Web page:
Hyperglycemia as a risk factor for the development of retinopathy of prematurity
1 Department of Pediatrics, Division of Newborn Medicine, Washington University in St. Louis, 660 S. Euclid Ave, Campus Box 8116, St. Louis, MO 63110, USA
2 Department of Pediatrics, University of Iowa, Iowa City, IA 52242, USA
BMC Pediatrics 2013, 13:78 doi:10.1186/1471-2431-13-78Published: 16 May 2013
Hyperglycemia has recently been described as a risk factor for the development of retinopathy of prematurity (ROP), a proliferative vascular disease of the retina that primarily affects premature infants. This study was to evaluate the relationship of hyperglycemia and the development of ROP in premature infants less than 32 weeks gestation.
This was a retrospective cohort study of all infants less than 32 weeks gestation from 2003–2007 who survived to discharge in our NICU. Demographic data including birthweight, gestational age, Apgar scores, method of delivery, antenatal steroid use, neonatal steroid use, and size for gestational age was collected for each infant. Episodes of sepsis, grade of intraventricular hemorrhage, presence of a patent ductus arteriosus, number of days on the ventilator, and stage of necrotizing enterocolitis were assessed as well as days of hyperglycemia, defined as number of days with whole blood glucose > 150 mg/dl. In addition, the highest stage of ROP was recorded for each infant. A Student’s two tailed t-test or Fisher’s exact test was performed to identify significant clinical risk factors associated with the development of ROP. From this univariate analysis, a multiple logistic regression was performed to determine the effect of hyperglycemia on the development of ROP, adjusting for significant clinical risk factors. Statistical analysis was performed using SAS v.9.2.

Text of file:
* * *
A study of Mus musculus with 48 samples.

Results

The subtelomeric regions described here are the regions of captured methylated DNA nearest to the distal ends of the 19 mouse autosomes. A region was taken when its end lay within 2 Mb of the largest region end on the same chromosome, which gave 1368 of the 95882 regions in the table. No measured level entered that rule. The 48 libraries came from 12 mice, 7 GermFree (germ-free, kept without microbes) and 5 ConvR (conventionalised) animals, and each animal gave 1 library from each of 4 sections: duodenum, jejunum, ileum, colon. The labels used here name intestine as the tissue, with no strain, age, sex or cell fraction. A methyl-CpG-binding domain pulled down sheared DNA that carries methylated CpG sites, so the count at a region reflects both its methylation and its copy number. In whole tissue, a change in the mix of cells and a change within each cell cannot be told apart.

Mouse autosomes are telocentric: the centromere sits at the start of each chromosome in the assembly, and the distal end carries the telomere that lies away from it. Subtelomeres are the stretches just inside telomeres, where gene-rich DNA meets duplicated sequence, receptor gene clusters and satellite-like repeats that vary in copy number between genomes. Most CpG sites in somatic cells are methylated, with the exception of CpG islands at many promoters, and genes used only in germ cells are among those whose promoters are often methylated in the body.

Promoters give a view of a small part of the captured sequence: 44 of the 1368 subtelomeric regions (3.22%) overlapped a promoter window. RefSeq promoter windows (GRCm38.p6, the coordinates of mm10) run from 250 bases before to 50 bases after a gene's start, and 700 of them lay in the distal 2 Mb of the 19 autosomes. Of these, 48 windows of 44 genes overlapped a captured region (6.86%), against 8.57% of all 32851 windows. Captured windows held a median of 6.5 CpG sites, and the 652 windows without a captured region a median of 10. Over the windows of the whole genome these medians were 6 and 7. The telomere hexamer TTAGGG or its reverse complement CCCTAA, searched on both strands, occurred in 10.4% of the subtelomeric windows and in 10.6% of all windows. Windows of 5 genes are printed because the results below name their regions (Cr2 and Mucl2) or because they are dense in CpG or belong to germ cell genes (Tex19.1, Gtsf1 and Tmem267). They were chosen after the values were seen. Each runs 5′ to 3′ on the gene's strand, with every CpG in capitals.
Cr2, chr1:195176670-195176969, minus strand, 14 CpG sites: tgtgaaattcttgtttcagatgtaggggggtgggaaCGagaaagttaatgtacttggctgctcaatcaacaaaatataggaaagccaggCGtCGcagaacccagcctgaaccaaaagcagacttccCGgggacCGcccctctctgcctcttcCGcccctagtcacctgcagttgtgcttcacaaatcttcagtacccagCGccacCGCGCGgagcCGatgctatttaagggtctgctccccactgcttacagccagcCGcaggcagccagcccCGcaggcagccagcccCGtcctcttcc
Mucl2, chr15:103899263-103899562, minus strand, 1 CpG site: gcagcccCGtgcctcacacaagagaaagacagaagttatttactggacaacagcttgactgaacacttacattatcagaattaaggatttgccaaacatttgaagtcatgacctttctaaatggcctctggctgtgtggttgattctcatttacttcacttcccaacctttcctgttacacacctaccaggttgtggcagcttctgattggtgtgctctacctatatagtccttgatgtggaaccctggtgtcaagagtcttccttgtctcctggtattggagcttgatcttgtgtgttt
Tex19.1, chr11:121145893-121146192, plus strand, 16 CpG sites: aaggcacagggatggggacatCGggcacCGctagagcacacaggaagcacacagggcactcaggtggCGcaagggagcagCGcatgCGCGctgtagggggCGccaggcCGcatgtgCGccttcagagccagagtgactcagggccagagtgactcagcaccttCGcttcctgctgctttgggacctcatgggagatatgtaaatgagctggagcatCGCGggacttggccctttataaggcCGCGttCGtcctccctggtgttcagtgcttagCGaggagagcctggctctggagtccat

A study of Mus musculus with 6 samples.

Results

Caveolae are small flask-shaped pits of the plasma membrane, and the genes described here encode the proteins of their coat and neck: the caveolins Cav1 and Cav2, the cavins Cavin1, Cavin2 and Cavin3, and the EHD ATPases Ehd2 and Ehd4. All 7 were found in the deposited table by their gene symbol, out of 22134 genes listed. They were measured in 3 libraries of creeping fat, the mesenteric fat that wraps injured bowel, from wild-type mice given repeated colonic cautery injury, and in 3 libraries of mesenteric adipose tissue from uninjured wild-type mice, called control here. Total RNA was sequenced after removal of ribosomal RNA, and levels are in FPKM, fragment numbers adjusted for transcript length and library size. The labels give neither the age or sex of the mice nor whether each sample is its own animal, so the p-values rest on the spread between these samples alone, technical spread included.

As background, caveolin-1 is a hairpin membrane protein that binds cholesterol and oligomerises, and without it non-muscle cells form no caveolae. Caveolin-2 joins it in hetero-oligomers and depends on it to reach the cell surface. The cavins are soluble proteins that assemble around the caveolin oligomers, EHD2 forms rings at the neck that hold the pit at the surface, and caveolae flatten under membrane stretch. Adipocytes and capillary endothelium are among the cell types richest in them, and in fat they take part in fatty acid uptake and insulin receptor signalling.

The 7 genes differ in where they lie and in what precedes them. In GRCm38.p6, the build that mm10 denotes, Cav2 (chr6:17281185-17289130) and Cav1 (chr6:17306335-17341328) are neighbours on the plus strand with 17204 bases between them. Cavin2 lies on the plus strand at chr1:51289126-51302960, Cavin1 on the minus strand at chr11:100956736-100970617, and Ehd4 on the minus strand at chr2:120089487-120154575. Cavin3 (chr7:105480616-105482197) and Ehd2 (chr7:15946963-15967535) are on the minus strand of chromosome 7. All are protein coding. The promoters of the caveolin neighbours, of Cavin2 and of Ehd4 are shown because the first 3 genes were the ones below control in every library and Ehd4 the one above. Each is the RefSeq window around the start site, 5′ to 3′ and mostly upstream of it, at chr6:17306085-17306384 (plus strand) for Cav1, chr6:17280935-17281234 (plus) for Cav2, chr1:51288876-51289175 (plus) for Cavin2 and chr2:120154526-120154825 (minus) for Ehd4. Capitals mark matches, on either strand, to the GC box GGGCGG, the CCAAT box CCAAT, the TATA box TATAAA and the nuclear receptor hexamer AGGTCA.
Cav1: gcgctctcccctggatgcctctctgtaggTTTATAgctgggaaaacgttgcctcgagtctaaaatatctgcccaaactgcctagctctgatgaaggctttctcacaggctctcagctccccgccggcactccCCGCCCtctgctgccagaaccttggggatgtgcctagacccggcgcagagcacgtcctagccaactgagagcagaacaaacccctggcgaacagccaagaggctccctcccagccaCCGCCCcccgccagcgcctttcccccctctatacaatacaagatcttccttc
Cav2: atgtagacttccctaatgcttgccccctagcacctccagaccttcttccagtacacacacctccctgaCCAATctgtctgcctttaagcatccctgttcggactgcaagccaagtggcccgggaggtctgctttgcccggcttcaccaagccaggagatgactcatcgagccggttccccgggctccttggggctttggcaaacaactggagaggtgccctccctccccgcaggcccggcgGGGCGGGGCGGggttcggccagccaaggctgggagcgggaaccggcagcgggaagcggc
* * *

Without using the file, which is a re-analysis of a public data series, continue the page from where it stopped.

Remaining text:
Univariate analysis demonstrated that infants with ROP were of lower birthweight and gestational age, and were affected by a patent ductus arteriosus, neonatal sepsis, intraventricular hemorrhage, have significant lung disease and received postnatal glucocorticoid therapy. Infants with ROP experienced more days with hyperglycemia (7 vs. 2, p = < 0.0001). Using multiple logistic regression analysis to compare no ROP vs. all stages of ROP, gestational age (OR 0.745, 95% CI [0.634, 0.877], p = 0.0004), mean days of hyperglycemia (OR 1.073, 95% CI [1.004, 1.146], p = 0.04), and mean days receiving mechanical ventilation (OR 1.012, 95% CI [1.000, 1.025], p = 0.05) remained significantly associated with ROP after adjusting for other risk factors.
Our data suggests that hyperglycemia is associated with the development of ROP in premature infants.